Remarkable in its fluidity and freedom, this drawing served as a preparatory study for an altarpiece (shown below) commissioned by the brotherhood of Saint Peter Martyr in the northern Italian town of Modena. Correggio began by laying out the basic composition in chalk or charcoal, which he then extensively reworked using brown wash and white heightening. Such bold, painterly use of the drawing media allowed the artist to effectively describe the plasticity and movement of his figures, and to explore the effects of light. The study was acquired by the Kupferstich-Kabinett in 1860 as a complement to the finished painting, which entered the Dresden collection in 1746.

Antonio Allegri, known as Correggio
Italian, ca. 1484–1534
Madonna di San Giorgio, before 1530
Brush (and pen?) and brown ink and brown wash, heightened with white, over traces of black chalk or charcoal
Kupferstich-Kabinett, Staatliche Kunstsammlungen Dresden, INV. NO. C 367
© Kupferstich-Kabinett, Staatliche Kunstsammlungen Dresden
Photo: Herbert Boswank


John Marciari, Charles W. Engelhard Curator and Department Head

Correggio’s Madonna of Saint George altarpiece was painted around 1530 for a small confraternity church in Modena, Italy, but the work quickly became famous, celebrated for the intricacy of its composition and its sophisticated approach to light. By the seventeenth century, the Dukes of Modena had acquired the painting, and they sold it to Frederick Augustus II of Dresden in 1746. It was thereafter considered one of the masterpieces of the Dresden collection. Accordingly, when Correggio’s compositional drawing for the altarpiece came up for sale in London a century later, in 1860, the Kupferstich-Kabinett eagerly sought it, and celebrated it as a major acquisition.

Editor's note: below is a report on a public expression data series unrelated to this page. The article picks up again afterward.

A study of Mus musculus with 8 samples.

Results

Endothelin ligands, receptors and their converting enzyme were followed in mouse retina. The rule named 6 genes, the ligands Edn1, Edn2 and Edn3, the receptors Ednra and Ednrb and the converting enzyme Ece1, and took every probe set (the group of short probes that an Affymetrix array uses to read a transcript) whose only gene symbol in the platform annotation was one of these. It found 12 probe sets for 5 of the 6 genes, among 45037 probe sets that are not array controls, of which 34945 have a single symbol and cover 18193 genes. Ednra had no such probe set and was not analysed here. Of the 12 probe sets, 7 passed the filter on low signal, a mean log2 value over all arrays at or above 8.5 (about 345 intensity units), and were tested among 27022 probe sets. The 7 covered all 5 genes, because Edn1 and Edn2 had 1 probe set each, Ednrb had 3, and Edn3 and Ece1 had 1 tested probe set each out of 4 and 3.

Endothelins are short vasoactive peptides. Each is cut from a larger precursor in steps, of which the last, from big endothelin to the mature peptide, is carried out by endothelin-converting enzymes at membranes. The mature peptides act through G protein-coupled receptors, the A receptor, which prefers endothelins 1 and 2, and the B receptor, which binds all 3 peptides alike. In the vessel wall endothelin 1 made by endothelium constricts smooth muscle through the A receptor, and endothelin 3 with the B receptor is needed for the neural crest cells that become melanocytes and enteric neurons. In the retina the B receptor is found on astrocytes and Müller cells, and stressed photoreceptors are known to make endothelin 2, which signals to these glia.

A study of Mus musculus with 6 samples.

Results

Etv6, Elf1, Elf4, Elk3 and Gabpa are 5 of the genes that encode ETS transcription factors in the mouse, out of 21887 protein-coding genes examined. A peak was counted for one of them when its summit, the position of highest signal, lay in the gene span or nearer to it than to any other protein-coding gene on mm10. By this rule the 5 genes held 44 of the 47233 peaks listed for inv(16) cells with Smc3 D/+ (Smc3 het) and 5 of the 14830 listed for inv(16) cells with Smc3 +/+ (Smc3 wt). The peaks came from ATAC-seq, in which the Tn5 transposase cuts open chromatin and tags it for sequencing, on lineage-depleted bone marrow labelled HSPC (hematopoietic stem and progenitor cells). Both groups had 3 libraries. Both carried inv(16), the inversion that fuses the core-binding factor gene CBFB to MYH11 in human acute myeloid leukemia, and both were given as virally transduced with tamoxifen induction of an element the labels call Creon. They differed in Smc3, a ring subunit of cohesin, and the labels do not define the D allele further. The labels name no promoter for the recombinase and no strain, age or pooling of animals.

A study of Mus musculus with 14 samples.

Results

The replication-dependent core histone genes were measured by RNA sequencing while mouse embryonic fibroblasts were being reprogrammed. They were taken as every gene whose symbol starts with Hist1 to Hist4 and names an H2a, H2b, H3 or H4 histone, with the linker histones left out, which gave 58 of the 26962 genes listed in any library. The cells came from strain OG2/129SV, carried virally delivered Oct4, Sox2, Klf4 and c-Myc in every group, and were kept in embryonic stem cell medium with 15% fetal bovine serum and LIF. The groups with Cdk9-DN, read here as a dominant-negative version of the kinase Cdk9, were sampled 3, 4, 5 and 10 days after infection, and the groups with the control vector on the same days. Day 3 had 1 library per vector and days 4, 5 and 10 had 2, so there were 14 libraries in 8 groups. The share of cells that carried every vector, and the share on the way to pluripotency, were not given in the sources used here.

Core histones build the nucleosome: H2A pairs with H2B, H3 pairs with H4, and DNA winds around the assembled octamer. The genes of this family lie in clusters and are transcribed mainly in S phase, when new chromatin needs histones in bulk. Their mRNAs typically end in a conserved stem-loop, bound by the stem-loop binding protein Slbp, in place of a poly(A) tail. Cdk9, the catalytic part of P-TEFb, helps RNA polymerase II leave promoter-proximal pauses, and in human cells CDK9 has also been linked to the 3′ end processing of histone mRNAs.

In the drawing, we can see Correggio working out both the composition and the lighting scheme. He began work by sketching out the frame he envisioned for the painting, and then took up chalk or charcoal for an initial sketch of the figural composition. It shows the Madonna and child enthroned at center, with Saints John the Baptist, Gimignano (the patron saint of Modena), Peter Martyr, and George. Only traces of this initial chalk drawing can be seen, however, for Correggio worked and reworked the drawing, adding layers of wash and especially of white opaque watercolor, emphasizing the highlights and giving a painterly plasticity to the figures. The composition already seems worked out in the drawing, but in the final painting, Correggio enlivened it further, adding a group of playful putti and giving the saints and Christ child more dramatically expressive poses.